Recently, I have gotten several questions from readers (keep them coming!) so I figured I would take a few minutes to answer a few of them. If this is something you guys enjoy I will try to do it a bit more regularly.
Thank you for taking the time to write.
Q: What do you do when you’re not writing?
A: In one sense I am never “not writing.” When I am not actually typing words on the page, I am thinking about it (or else kicking myself for not doing it). But I suspect you wanted to know about hobbies and such. In that case, I am either at the gym, hovering over the stove, reading a book, watching re-runs of Frasier and The Andy Griffith Show, or trying to find the most recent place my dog, Peanut, has stashed my socks and those leftover hushpuppies.
Q: What is your favorite food?
A: Whatever my grandmother fixed last week for Sunday dinner.
Q: When did you start writing?
A: I learned to scrawl my name when I was around four. Though my handwriting never improved much, one hopes that the prose has seen some measure of progress. I began getting serious about writing in 2015 when I started blogging. It still blows me away that anyone is interested in my scribblings.
Q: You frequently write about your family, warts and all. Do you ever think that you are being too transparent?
A: By disposition, I am a private person. But I find that writing about my family and childhood has been a cathartic experience. My goal is to strike the proper balance between gratitude and honesty. My life, despite the rough patches, has been abundantly blessed, and I am thankful for it.
Q: I would love to meet Peanut. Is he as reclusive as you tend to be?
A: Peanut is an attention whore, so I suspect that he would love to meet you and your shins.
Q: I detect a tone of melancholy in much of your writing, is this a temperamental quirk or is it simply for literary affect?
A: That is a difficult question for a couple of reasons: 1) I am not particularly qualified at psychological self-diagnosis; 2) I am not really an authority on my work. I do believe we are shaped by the peculiar circumstances of our lives, but I am not sure how conscious we truly are of the secrets of our own hearts. What I do know is that I strive to write in a way that is emotionally accessible, but doing so in good humor, oriented towards hope.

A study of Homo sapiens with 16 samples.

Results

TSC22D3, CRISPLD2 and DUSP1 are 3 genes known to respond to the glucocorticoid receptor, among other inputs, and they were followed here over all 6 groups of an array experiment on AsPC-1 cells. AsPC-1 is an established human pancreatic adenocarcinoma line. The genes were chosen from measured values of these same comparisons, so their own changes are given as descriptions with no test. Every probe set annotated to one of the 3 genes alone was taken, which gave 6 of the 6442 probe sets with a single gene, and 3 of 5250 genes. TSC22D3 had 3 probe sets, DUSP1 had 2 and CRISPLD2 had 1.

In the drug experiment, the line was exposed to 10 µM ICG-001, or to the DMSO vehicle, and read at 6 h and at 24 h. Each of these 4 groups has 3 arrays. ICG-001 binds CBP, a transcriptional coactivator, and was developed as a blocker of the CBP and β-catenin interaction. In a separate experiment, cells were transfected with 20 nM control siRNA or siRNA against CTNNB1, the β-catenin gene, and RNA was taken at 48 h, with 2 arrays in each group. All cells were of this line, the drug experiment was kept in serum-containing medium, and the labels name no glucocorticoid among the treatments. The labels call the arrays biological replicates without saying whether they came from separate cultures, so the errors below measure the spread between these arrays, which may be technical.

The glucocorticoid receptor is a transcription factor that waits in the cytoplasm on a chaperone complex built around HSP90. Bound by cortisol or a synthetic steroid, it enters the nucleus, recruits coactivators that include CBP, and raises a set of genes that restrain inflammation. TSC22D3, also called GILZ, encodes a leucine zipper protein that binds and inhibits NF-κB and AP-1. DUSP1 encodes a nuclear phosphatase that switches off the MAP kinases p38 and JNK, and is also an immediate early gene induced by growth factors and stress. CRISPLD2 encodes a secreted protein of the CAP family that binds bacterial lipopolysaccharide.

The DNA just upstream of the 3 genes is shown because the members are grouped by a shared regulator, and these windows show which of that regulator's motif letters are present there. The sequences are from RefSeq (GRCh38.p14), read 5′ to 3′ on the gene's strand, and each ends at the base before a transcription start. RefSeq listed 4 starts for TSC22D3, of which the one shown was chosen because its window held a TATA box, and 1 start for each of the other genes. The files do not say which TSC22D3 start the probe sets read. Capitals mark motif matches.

Q: Are you a night person or a morning person?
A: I am writing this at 1:23 in the morning...
Q: You often say that writing is hard. What did you do to gain confidence in your abilities as a writer?
A: I am not sure whether it is confidence or obstinance. I just refuse to quit. That some of you seem to enjoy the mess with which I litter the page is encouraging, but there is always a voice nagging at me in the back of my mind saying that we are all partakers in a sad, mass delusion.
Q: Were you a nerd in school?
A: No. Actually, I was Homecoming King. But it helps when you’re the only guy in a senior class of three.
Q: When are you taking your show on the road and coming up North to tell stories?
A: When y’all quit having winter.
Q: Where in Arkansas do you live?
A: I live in the Southeast corner. Mississippi delta land. We don’t have the hills and other beautiful scenery for which Arkansas is famous. We have cotton–and culture.
Q: Do you r eally eat all that “southern food” you write about (like squirrels and vegetables drenched in bacon grease)?
A: Yes. I had grits and eggs for breakfast, and buttermilk and cornbread for supper last night.
Q: How are you not five hundred pounds?
A: These things take time.
Q. Do you plan on writing any books soon?
A. I am constantly writing books. I hope to release one (or two) by the end of the year. And I hope that you will all buy at least five copies apiece!